NLRB Requires Employer To Pay Litigation Costs
In the United States, each party to court or agency proceedings typically pays its own litigation costs. Courts occasionally order one side to pay such costs, but usually only when that party acts in bad faith. However, the Supreme Court has said administrative agencies, such as the National Labor Relations Board (the “NLRB”), cannot order a party to pay another’s litigation costs unless Congress has specifically authorized the agency to do so, but the NLRB has its own opinion.
In Camelot Terrace, the NLRB upheld an administrative law judge’s order requiring an employer to pay litigation costs to both the union and the NLRB because the litigation resulted from the employer’s bad faith in refusing to bargain with the union. The employer was also ordered to pay the costs the union incurred in the collective bargaining process. This is not the first time the NLRB has ordered an employer to pay litigation costs, but it is very rare and appears to be unjustifiable under the law. There is no word yet on whether the employer will appeal.
The employer in Camelot Terrace engaged in what the NLRB described as a “cat-and-mouse game” by restricting the dates and length of bargaining sessions, repeatedly canceling or shortening sessions, reneging on or withdrawing from tentative agreements without good cause, and refusing to bargain on economic subjects. The employer also acted in bad faith during the litigation by reneging on a settlement agreement and committing perjury.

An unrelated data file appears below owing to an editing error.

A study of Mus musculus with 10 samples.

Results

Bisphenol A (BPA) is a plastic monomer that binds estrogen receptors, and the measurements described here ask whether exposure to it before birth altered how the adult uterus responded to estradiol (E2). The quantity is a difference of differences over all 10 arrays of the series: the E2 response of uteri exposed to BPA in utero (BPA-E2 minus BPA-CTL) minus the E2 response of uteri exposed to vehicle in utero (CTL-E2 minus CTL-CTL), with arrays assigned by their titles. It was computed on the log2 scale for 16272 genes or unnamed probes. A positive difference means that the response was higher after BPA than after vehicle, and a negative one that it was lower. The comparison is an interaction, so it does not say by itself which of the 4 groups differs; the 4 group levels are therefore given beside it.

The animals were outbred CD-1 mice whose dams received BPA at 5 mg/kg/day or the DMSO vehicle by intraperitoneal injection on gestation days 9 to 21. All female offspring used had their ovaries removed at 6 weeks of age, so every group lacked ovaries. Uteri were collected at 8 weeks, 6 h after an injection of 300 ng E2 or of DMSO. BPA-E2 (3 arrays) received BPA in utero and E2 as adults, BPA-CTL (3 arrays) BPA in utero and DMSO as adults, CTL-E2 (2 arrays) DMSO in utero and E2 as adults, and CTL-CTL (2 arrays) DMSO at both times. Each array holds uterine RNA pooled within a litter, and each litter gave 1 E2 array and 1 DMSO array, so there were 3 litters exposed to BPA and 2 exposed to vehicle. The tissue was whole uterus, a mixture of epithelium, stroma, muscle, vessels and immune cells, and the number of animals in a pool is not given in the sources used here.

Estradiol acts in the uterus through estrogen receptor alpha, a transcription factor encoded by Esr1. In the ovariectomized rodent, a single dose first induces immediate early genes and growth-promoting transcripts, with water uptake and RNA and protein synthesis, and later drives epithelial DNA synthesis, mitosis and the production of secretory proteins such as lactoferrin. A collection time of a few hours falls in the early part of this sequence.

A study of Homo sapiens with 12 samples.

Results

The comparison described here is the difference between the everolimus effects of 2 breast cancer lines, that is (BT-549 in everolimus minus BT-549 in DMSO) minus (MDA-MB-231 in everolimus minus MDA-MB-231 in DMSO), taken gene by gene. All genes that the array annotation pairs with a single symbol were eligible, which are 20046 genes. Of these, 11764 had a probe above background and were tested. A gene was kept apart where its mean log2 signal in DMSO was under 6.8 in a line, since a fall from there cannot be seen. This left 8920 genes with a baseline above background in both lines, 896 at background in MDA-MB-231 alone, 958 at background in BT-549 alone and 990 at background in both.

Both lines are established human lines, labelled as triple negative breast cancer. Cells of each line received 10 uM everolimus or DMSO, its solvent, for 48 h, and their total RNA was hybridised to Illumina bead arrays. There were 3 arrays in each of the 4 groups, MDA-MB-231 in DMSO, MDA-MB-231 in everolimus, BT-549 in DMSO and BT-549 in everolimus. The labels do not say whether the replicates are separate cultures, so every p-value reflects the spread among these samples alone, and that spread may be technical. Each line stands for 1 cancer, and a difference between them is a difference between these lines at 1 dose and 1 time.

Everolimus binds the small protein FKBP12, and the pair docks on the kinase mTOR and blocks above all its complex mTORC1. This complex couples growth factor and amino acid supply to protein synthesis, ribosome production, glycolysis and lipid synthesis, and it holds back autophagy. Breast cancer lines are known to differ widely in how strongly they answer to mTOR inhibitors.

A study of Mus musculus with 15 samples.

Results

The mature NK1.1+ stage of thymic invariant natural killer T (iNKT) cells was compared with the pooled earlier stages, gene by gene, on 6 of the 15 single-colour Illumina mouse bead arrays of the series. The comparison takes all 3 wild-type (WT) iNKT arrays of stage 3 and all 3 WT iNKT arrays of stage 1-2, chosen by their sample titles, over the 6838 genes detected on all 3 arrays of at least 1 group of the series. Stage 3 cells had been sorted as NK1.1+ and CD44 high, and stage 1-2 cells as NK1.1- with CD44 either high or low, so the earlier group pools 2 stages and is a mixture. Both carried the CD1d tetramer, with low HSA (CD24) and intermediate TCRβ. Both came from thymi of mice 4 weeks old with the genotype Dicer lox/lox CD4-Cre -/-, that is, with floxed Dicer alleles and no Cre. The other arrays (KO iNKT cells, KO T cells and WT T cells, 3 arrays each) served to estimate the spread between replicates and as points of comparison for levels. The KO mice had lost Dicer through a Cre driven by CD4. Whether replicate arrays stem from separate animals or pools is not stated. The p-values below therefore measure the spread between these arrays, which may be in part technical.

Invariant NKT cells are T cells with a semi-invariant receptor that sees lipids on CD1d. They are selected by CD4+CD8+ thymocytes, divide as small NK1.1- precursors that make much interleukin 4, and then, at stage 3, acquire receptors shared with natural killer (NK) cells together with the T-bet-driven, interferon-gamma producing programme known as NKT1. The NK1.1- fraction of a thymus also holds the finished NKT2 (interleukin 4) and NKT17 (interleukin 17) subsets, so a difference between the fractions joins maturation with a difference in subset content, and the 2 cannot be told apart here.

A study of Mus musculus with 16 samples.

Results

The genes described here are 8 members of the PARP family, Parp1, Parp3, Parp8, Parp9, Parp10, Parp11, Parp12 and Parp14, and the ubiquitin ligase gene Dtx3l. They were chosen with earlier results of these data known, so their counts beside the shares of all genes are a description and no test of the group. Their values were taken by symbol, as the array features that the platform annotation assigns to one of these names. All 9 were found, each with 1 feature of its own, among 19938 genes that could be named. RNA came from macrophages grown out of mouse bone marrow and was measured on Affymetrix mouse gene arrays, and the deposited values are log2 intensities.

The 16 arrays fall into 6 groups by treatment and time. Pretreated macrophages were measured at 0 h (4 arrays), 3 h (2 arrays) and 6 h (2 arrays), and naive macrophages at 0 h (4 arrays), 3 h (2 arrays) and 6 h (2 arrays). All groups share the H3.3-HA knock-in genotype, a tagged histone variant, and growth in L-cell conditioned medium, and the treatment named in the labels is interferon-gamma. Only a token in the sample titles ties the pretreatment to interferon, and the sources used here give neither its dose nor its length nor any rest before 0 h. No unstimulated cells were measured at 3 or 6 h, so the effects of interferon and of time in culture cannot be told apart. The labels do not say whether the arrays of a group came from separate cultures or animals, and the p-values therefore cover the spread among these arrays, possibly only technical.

Even though the NLRB’s action likely exceeded its authority, this is a sign of our contradictory times. The populace (including legislatures like Indiana’s, which just passed a right-to-work law) is becoming more conservative toward unions while the NLRB is bending over backward to support unionization. Until the Supreme Court weighs in on the NLRB’s actions, employers need to remember that toying with unions or the NLRB is inviting a harsh reply from the NLRB. Union-free employers can adopt strategies to remain union-free without going to the extremes that we saw in Camelot Terrace.
Brody and Associates regularly advises its clients on union-related matters and provides union-free training. If we can be of assistance in this area, please contact us at firstname.lastname@example.org or 203.965.0560.